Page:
Grand larceny in Mississippi is defined as feloniously taking and carrying away the personal property of another of a value of $500 or more. Grand larceny is essentially theft. This law is found in the Mississippi Code 97-17-41.
To charge someone with grand larceny, there must be some evidence that the person intended on stealing the property from the owner. This can usually be inferred from the facts of the case; for instance, taking something that does not belong to you, when you know it doesn’t belong to you and it’s reasonable to assume that it belongs to someone else, would be enough to support a grand larceny charge. Obviously, taking something from a store without paying for it, or off of another person’s property, would be enough to show intent. It’s a pretty low theshold. Put it this way: if you’re at all unsure whether it’s legal, it probably isn’t.
Mississippi grand larceny is a felony punishable up to 10 years in the penetentiary and a $10,000 fine. Most of all, it is a felony that if not handled properly can have permanent damaging consequences for an individual. With a felony conviction you lose your basic civil rights, your right to buy or possess a firearm, and very likely your ability to ever have a well-paying job.
The good news is that a grand larceny conviction in Mississippi can be expunged from the offender’s record, thanks to a recent state law. You must successfully complete all terms and conditions of the sentence, including jail time, probation, restitution, or community service, then you must wait five years. Five years after your sentence you can petition the court to have the conviction removed. The court does not have to grant the petition. The court can deny it if it feels that the person is not rehabilitated from the offense.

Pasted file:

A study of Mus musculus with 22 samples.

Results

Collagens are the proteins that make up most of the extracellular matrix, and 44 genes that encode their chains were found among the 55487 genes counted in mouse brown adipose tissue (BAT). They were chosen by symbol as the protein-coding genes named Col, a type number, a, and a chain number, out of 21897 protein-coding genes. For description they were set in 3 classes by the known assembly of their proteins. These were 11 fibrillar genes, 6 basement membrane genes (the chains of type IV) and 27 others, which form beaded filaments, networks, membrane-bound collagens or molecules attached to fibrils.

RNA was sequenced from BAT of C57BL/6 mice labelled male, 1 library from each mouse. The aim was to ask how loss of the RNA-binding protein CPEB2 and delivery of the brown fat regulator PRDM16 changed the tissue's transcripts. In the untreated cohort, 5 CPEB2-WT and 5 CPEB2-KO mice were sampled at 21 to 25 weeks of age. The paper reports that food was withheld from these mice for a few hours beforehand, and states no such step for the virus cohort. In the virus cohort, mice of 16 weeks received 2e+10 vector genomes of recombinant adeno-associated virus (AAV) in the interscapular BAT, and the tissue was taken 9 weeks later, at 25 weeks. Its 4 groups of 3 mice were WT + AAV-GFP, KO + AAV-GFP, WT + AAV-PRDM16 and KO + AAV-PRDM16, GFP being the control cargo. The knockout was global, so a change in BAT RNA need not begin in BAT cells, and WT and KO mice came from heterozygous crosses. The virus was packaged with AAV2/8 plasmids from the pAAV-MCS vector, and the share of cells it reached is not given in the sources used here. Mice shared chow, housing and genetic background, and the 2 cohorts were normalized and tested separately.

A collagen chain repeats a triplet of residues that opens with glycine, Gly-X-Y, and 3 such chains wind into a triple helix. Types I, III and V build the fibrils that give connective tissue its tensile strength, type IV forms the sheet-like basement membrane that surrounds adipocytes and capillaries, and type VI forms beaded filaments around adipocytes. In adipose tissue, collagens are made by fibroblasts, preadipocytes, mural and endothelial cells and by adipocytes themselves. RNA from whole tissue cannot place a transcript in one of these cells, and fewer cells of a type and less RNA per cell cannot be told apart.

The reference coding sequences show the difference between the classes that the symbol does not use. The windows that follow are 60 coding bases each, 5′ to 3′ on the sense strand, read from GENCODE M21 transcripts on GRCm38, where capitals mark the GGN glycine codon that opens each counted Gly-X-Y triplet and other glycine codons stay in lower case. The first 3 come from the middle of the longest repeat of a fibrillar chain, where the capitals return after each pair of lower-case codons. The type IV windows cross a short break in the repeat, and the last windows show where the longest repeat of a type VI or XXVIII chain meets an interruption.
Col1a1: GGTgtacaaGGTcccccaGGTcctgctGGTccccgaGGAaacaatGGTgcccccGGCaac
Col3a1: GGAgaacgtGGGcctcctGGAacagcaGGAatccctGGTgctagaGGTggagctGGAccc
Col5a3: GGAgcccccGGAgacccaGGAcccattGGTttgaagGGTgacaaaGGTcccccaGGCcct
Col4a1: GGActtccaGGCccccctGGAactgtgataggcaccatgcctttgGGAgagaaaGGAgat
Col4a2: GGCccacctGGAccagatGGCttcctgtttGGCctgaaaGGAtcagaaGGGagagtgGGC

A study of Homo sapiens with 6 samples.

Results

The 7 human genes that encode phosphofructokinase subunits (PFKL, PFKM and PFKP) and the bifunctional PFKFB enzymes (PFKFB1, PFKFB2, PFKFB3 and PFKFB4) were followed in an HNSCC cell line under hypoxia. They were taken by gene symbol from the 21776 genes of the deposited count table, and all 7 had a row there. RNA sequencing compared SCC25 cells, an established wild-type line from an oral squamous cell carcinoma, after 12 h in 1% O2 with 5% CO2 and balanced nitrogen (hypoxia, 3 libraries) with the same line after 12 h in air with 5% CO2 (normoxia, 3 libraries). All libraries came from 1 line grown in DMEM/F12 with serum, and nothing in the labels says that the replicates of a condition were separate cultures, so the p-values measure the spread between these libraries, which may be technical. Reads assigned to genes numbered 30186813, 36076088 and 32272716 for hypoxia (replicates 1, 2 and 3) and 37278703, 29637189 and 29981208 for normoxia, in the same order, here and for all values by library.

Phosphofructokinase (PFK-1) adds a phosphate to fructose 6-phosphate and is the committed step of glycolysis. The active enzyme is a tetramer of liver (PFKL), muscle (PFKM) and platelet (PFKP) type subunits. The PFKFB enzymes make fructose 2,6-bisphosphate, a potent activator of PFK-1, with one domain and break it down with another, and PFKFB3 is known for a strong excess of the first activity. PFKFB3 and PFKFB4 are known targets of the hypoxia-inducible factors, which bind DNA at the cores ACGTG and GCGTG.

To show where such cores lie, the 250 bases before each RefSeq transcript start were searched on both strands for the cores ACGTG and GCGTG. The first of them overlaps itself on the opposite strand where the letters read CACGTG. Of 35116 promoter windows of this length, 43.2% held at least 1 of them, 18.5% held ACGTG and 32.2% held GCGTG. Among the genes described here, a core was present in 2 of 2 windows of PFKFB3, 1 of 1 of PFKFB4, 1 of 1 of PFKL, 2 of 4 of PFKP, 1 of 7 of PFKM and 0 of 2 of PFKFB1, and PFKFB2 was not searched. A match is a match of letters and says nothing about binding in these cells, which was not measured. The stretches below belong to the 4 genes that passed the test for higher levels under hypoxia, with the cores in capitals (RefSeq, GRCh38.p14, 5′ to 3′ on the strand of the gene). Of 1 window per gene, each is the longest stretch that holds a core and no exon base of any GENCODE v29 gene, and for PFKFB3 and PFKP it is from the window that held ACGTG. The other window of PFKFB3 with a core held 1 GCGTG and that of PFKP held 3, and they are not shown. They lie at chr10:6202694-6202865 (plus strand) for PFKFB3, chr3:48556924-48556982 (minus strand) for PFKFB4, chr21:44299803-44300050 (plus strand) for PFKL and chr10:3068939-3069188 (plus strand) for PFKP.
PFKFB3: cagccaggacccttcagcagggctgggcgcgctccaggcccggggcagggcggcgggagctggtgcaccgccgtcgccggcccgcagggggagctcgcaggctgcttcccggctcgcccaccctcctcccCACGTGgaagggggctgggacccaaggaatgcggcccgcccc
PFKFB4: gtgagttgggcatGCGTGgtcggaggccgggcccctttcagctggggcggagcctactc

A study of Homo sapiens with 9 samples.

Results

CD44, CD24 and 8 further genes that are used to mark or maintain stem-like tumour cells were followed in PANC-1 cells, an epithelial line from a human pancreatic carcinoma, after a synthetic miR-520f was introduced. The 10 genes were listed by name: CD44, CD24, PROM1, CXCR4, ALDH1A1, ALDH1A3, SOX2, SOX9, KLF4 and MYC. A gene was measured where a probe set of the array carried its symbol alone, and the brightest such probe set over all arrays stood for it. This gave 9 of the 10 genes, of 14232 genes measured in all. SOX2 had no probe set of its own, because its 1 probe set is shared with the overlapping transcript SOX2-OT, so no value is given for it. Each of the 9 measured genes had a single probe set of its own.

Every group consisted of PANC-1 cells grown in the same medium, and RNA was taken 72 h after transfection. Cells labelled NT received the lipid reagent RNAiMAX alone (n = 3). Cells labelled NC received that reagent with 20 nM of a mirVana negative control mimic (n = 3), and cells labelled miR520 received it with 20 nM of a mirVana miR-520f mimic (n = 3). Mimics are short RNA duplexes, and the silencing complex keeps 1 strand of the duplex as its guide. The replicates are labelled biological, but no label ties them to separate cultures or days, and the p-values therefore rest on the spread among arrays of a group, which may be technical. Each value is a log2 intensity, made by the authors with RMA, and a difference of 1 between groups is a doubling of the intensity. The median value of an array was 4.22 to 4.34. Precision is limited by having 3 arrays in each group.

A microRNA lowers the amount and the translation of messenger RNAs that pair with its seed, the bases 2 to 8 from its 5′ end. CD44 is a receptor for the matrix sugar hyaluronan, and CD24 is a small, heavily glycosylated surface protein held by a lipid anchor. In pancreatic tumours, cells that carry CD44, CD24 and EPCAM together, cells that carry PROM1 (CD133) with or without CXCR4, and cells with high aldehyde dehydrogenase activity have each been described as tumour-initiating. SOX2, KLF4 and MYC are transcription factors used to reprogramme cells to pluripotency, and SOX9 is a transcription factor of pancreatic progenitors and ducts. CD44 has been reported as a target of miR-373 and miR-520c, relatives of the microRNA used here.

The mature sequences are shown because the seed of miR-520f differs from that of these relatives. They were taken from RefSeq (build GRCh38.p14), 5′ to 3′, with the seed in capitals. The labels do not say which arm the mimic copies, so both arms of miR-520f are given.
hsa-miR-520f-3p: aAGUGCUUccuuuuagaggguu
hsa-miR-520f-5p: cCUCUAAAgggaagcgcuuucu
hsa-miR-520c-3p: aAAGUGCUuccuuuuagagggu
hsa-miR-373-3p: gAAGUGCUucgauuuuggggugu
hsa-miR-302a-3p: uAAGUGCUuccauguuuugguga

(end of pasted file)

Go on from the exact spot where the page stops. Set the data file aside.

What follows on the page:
This option is better than nothing, but five years is a long time to wait for something that’s not a guarantee. If you’ve been charged with grand larceny you should contact a Mississippi criminal defense lawyer to see about other options. A lawyer may be able to get the charge reduced to petit larceny, which is a misdemeanor and can be dealt with easier than a felony. Your lawyer may even be able to work it out where you are never convicted of a charge, but instead enroll in a diversion program which will keep your record clean.
How the case is worked out is just going to depend on the facts. If you wish to maintain your innocence and go to trial, then a thorough review of the government’s case will be needed. You’ll need to challenge whether the government can prove that grand larceny occurred, whether the property was taken, and whether it’s value exceeded $500.
Patrick Stegall is a Southaven criminal defense lawyer who handles grand larceny charges throughout North Mississippi. He specializes in representing first-time offenders who wish to avoid jail time and a permanent conviction, and can review your case to advise you of the best options available. For help, please contact him at (901) 205-9894 or by email at email@example.com.